Yesterday, NCLC and 39 others sent a letter to Secretary John King demanding that the Department of Education look at its loan data to determine the impact that student loan defaults have on student loan borrowers of color.
In our letter, we asked the Department to collect and release the data necessary to ensure that student loans are a tool for economic advancement and not economic devastation for borrowers of color. Just as the collection of race-coded mortgage data through the Home Mortgage Disclosure Act (HMDA) enabled regulators and citizens to better assess whether mortgage providers were affirmatively furthering fair housing, data collection is needed in the higher education context to clarify how student loan servicers and collectors can affirmatively further the Department’s racial justice goals.
An Education Sector report from 2007 found that, ten years after graduation, the default rate for African American students was more than five times higher than the default rate for white students, and the default rate for Hispanic students was more than twice the rate for white students. It has been nearly a decade since that report came out. We want to know if things have improved (research suggests that it hasn’t), we want to know what policies have worked, and we want to know what policies have hurt borrowers of color. But in response to a FOIA request filed by NCLC and the ACLU, the Department’s Federal Student Aid office acknowledged that it has no policies in place to monitor the racial impacts of its collection practices, nor does it keep any data that would allow it to monitor how African American or Latino borrowers are faring.
As NCLC has said on many occasions (see here, here, and here), there are extraordinary penalties for borrowers who go into default. When a borrower has a defaulted federal student loan (a loan that is more than 270 days past due), the government can seize certain income and assets from the borrower without a court order. The borrower is also charged exorbitant collection fees. This means that defaulting on a federal loan is also very costly.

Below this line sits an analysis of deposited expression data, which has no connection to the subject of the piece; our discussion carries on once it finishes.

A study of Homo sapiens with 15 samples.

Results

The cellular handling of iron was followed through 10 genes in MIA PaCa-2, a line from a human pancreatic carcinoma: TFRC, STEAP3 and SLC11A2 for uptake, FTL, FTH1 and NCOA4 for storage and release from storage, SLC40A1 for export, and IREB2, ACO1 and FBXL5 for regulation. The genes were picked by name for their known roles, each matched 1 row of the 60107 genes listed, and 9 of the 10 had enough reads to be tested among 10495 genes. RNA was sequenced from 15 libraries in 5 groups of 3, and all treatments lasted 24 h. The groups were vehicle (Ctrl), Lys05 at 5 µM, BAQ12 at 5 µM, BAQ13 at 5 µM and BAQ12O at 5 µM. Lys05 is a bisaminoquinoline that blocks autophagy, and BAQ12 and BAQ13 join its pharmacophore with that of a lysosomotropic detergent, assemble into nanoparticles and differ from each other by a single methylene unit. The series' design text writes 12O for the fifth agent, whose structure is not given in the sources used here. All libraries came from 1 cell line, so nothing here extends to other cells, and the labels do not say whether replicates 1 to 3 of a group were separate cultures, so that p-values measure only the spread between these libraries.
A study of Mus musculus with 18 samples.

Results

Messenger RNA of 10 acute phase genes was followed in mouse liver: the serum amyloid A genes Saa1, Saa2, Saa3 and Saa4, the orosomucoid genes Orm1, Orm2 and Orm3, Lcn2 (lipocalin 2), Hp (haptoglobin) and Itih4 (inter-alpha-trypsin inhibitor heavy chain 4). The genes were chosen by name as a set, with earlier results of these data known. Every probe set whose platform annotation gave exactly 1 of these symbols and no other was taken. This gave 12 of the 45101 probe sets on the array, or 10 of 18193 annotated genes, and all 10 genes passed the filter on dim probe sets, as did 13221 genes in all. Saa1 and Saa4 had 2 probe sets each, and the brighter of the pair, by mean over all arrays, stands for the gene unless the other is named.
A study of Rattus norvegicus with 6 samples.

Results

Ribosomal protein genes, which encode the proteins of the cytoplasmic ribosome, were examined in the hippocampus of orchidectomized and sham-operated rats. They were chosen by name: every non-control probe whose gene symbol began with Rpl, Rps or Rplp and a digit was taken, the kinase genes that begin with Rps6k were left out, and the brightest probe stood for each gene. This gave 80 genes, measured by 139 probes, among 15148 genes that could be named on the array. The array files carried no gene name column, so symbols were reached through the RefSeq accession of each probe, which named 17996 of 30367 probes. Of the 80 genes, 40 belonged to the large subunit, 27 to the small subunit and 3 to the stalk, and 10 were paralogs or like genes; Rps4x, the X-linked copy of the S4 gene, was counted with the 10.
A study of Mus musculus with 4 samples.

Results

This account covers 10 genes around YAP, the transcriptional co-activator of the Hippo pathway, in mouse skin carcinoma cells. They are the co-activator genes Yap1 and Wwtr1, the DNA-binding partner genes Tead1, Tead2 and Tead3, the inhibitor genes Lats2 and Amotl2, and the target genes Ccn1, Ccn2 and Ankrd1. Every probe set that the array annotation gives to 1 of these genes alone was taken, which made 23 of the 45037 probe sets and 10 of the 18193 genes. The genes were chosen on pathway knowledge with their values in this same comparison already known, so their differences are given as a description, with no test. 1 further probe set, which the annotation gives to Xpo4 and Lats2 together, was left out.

Many borrowers in default are required to pay more per month than similarly situated borrowers in good standing. For example, a single borrower making $25,000 per year with two children would have a $0 payment each month if in good standing on an income-driven repayment plan. That same borrower in default would likely have approximately $250 garnished from her wages. Additionally, that borrower would likely have her tax refund intercepted, losing approximately $4000 in Earned Income Tax credits. By one calculation, default increases lifetime payments on an average loan by 250% over standard repayment. As a result of these collection costs and practices, borrowers of color could disproportionately be paying more for their student loans than their white peers, both in the short term and over the life of the loan.
In the past year, the Department has announced improvements both to its servicing of federal student loans and to protecting students from abusive school practices. It also announced the new REPAYE repayment plan which will help make student loan payments more affordable. While these policies are an important step, having data examining race is critical to ensure that the benefits of these polices are felt by all borrowers.